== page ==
Starving in food deserts, drowning in food swamps? Understanding the labels and their link to obesity6
October 8, 2012 by eldavies3
“Food desert” is quite the buzzword these days not only in public health vernacular but also in mainstream media. As public health nutrition students, we’ve heard the term countless times and have discussed and presented on them in a wide variety of classes. It’s true that standard definitions are lacking; the CDC defines food deserts as “areas that lack access to affordable fruits, vegetables, whole grains, lowfat milk, and other foods that make up the full range of a healthy diet,” whereas Michelle Obama’s Healthy Food Financing Initiative working group describes them as “low-income census tract[s] where a substantial number or share of residents has low access to a supermarket or large grocery store” (1, 2). The gist, however, is the same: a food desert is a geographical region in which access to healthy foods is limited. The lack of healthy options is often extrapolated to the nation’s obesity epidemic: according to the USDA’s Economic Research Service, “limited access to nutritious food… may be linked to poor diets and, ultimately, diet-related diseases” (3).
First Lady Michelle Obama has helped increase awareness of these food deserts through her Let’s Move! campaign to address childhood obesity. In a 2011 speech, Ms. Obama described the difficulties of lack of access, stating, “If people want to buy a head of lettuce or salad or some fruit for their kid’s lunch, they have to take two or three buses, maybe pay for a taxicab in order to do it” (4). The USDA is similarly enthusiastic about food deserts. You can visit their Economic Research Service’s website to view a United States map showing census tracts that are considered to be food deserts:
“Food swamps” are an alternative way to think about the variety of choices available in a given geographic region. Whereas food deserts are lacking in healthy options, food swamps have an abundance of unhealthy options. According to Roland Sturm, author of a recent study on the food environment and adolescent obesity, food swamps are urban environments in which “you can get basically any type of food” (4). Although food swamps do not lack grocery stores or supermarkets, they have a multitude of fast food restaurants and convenience stores. The CDC asserts that even after healthy food products are made available in food deserts, many consumers continue to purchase unhealthy foods “based on personal preferences” (1). This pattern may hold true in food swamps as well, with preferences for abundant unhealthy options rather than healthy ones.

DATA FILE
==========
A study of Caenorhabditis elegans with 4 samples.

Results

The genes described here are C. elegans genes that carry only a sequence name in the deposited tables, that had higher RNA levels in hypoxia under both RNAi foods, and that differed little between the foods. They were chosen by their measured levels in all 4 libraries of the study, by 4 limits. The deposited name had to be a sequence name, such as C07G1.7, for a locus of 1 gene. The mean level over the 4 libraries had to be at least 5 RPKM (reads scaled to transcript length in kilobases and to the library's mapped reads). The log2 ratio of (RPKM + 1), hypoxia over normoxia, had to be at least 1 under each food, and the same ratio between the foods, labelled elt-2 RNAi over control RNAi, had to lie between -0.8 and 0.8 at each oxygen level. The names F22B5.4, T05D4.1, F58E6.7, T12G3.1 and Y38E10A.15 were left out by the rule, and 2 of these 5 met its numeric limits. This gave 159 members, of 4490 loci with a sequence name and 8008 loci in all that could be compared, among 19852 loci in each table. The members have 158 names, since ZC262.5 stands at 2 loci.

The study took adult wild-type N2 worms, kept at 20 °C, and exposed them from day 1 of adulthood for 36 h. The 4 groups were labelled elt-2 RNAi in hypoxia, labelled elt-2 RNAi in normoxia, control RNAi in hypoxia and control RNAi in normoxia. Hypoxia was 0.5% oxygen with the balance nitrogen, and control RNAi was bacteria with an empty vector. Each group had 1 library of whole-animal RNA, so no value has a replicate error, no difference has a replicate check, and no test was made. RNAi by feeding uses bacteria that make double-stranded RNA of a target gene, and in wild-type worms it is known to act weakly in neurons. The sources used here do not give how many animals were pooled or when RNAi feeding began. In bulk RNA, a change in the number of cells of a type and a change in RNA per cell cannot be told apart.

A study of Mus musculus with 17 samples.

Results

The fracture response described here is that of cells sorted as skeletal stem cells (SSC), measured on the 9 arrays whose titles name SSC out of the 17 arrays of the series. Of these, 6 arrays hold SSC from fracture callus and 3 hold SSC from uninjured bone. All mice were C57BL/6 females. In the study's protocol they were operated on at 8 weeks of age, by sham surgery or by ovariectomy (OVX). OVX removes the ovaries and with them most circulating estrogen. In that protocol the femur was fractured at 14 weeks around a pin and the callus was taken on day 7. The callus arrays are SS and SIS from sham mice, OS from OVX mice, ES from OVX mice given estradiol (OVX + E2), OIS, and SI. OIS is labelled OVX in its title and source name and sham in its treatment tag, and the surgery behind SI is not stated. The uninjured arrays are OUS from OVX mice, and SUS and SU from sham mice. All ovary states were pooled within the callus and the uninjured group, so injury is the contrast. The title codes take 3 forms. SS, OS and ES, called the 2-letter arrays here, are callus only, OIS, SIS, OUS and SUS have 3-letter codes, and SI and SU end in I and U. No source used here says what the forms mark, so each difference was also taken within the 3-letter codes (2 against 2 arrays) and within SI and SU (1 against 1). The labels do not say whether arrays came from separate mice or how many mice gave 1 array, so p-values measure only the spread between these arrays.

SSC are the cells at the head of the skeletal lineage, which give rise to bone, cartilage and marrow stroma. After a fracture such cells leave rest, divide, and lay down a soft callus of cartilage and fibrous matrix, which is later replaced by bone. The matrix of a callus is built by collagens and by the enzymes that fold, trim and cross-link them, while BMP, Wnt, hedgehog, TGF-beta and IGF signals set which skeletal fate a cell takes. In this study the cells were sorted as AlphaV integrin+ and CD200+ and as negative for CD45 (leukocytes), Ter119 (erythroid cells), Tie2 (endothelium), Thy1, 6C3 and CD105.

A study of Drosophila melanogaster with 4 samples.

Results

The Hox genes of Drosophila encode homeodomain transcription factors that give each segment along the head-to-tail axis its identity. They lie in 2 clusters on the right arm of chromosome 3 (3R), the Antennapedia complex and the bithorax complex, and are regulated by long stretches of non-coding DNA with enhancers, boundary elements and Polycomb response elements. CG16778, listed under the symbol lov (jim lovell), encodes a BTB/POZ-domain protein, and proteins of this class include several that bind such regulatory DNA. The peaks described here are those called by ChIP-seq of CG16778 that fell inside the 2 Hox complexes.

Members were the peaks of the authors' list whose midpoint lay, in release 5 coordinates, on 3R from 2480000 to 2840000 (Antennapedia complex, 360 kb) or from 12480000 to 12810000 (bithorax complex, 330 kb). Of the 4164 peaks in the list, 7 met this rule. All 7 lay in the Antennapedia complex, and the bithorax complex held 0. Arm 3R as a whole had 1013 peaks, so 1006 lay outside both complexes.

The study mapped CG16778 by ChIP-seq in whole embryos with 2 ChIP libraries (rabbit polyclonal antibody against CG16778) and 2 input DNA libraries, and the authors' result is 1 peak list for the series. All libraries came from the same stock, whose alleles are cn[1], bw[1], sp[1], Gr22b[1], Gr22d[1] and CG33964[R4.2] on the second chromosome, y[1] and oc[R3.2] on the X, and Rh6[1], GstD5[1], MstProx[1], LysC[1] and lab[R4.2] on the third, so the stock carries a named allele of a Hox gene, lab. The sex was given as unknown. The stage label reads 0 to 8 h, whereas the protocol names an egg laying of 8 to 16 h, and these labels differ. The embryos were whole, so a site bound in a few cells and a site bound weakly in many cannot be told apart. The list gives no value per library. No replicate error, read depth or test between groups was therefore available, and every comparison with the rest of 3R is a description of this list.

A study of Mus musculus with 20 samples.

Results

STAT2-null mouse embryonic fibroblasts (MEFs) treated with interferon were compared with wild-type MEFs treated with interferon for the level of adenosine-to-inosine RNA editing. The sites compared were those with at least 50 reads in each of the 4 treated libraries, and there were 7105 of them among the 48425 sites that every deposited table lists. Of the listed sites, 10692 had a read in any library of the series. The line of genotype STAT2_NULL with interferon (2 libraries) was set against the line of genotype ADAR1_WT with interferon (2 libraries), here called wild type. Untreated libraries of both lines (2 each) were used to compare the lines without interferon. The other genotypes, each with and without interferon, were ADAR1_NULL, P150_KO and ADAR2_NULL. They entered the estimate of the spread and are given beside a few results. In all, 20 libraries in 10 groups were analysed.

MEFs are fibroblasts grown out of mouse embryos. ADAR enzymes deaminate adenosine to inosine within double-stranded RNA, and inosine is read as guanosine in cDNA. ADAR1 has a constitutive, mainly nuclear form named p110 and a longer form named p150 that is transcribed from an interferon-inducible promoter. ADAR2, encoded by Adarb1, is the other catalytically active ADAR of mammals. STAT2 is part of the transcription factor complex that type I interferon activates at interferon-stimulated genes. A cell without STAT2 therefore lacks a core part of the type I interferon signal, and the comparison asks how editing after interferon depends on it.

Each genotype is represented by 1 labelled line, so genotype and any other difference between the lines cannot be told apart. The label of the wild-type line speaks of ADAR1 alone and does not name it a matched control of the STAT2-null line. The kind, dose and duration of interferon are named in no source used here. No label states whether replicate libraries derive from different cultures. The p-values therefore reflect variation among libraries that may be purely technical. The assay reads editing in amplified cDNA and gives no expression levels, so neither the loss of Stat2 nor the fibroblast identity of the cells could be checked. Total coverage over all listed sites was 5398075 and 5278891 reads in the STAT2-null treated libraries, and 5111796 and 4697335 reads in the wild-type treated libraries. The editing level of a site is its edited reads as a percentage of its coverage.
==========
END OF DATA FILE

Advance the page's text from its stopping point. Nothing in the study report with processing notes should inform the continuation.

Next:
Whether we think in terms of food deserts or food swamps to address the issue of obesity through promoting healthy food choices, finding solutions will be a challenge. However, one option may be to capitalize on use of food assistance programs, which could help address both swamps and deserts. According to a recent USDA report, one in four Americans utilizes a food assistance program (5). Furthermore, expenditures and participation in many of these programs is increasing. In particular, the American Recovery and Reinvestment Act of 2009 increased benefits and eligibility for the Supplemental Nutrition Assistance Program (Nord). Clearly, more Americans than ever can be reached through these programs. Using funding and existing infrastructure to not only provide nutrition education but also to incentivize healthier choices may allow greater access to healthier foods and shift preferences toward healthier options.
1. “A Look Inside Food Deserts.” Centers for Disease Control and Prevention, 24 Sept. 2012. Web. 5 Oct. 2012. <http://www.cdc.gov/features/fooddeserts/>.
- 2. “USDA ERS Food Desert Locator.” USDA Economic Research Service. USDA, 12 Aug. 2012. Web. 05 Oct. 2012. <http://www.ers.usda.gov/data-products/food-desert-locator/about-the-locator.aspx>.3. Access to Affordable and Nutritious Food: Measuring and Understanding Food Deserts and Their Consequences. Rep. USDA Economic Research Service, June 2009. Web. 5 Oct. 2012. <http://www.ers.usda.gov/media/242654/ap036_reportsummary_1_.pdf>.4. Kolata, Gina. “Food Deserts and Obesity Role Challenged.” The New York Times. N.p., 17 Apr. 2012. Web. 5 Oct. 2012. <http://www.nytimes.com/2012/04/18/health/research/pairing-of-food-deserts-and-obesity-challenged-in-studies.html>.
5. Food Assistance Landscape FY 2011 Annual Report. Rep. N.p.: USDA Economic Research Service, 2012. Print.
6. Nord, Mark. “Food Security of SNAP Recipients Improved Following the 2009 Stimulus Package.” Amber Waves. USDA Economic Research Service, n.d. Web.